Professional licensing and employment issues can arise for many reasons--even issues that aren't your fault, and even in situations where you're actually a victim. A New York City nurse recently learned this firsthand when false accusations of domestic violence against her threatened her job and made her temporarily unemployable.
According to reports, Tricia Lara, a registered nurse, was attacked in her own home last June by a cousin who forced her way in and acted aggressively. After Lara attempted to defend herself, the cousin called 911 to accuse her of assault. Although Lara had video proof that the cousin was the aggressor via a surveillance Ring Camera, she says the police responding to the disturbance refused to look at it. After filing her own complaint against her cousin with the local precinct, she followed up several days later and found herself in handcuffs, accused of assault. It wasn't until months later that prosecutors finally saw the video, and her case was finally dismissed last month. Lara is now filing a lawsuit against the NYPD for their handling of the case.
When False Accusations Put Your Career at Risk
The big question we can ask from this story is to what extent being falsely and unfairly accused can impact your career as a licensed professional.
One key takeaway from the story is the way the pending charges against Lara negatively affected her career. During the months following the attack, even though the video footage clearly showed that she was the victim, rather than the perpetrator—and although the police had notably failed to follow correct procedure on several occasions—Lara says the accusations against her still put the presumption of guilt on her, particularly when it came to her career. For months, the pending charges against her prevented her from getting work and threatened her position as a school nurse with the agency that had hired her. Although the news reports don't specify whether the New York State Office of the Professions actually called her license into question during this time, it's established fact that state licensing boards have the right to investigate allegations of criminal activity. For registered nurses whose entire career is based on public trust, an accusation of assault has the potential to be career-ending. (Nurses, like doctors, are expected to "do no harm," so the idea that a nurse could attempt to harm another person can severely damage their credibility.)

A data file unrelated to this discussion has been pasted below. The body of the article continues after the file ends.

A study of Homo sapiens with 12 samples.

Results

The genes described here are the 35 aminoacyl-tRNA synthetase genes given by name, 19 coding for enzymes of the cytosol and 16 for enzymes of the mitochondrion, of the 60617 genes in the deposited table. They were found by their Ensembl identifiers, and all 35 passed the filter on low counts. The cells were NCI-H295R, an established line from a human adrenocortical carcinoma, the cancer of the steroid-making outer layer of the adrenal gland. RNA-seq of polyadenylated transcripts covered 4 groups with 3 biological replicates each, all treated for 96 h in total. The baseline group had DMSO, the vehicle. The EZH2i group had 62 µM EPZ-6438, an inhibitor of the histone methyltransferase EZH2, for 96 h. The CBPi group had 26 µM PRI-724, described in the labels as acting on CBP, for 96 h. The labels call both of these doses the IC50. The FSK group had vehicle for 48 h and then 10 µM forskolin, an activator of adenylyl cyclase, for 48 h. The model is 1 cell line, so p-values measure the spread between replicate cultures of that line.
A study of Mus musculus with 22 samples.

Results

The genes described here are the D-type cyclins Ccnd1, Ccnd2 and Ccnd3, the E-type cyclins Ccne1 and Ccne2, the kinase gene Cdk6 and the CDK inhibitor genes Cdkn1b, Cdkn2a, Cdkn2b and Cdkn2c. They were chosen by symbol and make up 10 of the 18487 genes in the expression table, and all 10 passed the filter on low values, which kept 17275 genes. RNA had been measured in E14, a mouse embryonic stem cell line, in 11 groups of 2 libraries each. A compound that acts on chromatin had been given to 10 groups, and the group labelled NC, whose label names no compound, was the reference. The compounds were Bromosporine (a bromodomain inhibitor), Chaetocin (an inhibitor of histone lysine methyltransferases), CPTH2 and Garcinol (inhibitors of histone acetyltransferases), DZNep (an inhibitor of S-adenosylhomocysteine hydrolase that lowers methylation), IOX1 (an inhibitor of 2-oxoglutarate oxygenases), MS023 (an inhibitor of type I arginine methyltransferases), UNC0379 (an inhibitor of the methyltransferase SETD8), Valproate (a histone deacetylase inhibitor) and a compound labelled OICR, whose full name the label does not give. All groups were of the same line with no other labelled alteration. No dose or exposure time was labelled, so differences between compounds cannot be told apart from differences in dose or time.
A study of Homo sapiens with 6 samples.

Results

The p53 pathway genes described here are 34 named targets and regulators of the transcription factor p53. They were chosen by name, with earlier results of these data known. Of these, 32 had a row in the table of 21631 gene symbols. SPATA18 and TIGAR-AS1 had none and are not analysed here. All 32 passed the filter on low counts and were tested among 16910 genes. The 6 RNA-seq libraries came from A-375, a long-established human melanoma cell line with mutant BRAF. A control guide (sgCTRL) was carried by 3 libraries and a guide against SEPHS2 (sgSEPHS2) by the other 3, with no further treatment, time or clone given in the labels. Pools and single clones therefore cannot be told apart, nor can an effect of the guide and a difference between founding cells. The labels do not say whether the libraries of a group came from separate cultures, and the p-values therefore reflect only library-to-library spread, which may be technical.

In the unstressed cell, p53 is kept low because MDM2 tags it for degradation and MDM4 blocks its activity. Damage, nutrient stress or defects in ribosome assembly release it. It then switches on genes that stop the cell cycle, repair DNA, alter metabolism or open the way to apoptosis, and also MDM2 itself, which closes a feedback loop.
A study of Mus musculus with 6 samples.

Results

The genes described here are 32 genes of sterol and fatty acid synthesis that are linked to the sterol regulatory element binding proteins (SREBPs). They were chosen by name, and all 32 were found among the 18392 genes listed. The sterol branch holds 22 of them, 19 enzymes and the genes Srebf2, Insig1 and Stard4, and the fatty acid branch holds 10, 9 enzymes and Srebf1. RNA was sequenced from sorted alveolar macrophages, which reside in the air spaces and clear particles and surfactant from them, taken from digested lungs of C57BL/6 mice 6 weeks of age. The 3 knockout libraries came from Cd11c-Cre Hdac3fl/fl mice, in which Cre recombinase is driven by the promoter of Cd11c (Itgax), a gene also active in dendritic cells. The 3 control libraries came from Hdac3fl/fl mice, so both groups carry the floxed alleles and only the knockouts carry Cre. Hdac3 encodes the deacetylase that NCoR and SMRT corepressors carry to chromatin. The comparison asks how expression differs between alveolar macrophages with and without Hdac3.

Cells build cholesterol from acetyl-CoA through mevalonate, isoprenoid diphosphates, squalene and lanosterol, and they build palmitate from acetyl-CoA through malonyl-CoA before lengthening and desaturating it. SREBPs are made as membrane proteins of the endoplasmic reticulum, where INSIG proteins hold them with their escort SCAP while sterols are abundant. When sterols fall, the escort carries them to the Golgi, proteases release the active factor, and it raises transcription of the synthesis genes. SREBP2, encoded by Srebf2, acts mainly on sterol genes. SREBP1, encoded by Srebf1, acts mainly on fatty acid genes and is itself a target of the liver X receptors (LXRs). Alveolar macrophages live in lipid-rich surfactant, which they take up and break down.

What to Do If Your License Is Endangered by False Accusations
While it may seem unfair that the victim of violence could actually be the one whose career is jeopardized, it's important to understand that state licensing boards don't have to go by the "presumption of innocence" standard that applies when you're on trial for a crime. Nor do licensing boards have to prove your guilt "beyond a reasonable doubt." In most cases, they rely on the "preponderance of the evidence" standard, meaning they can find you guilty of wrongdoing if the evidence suggests it's more likely than not that you are. Unfortunately, that means circumstantial evidence (such as being wrongfully arrested) can still work against you and make you look guilty to a licensing board.
That's why, if you are accused of something that could endanger your professional license, you need to consult an experienced license defense attorney right away. A good attorney can help level the playing field and ensure your rights are protected while awaiting the truth to come out. If you're facing unfair allegations against your license in New Jersey, Pennsylvania, or New York, Attorney Joseph D. Lento and his License Defense Team can help. Call the Lento Law Firm today at 888-535-3686.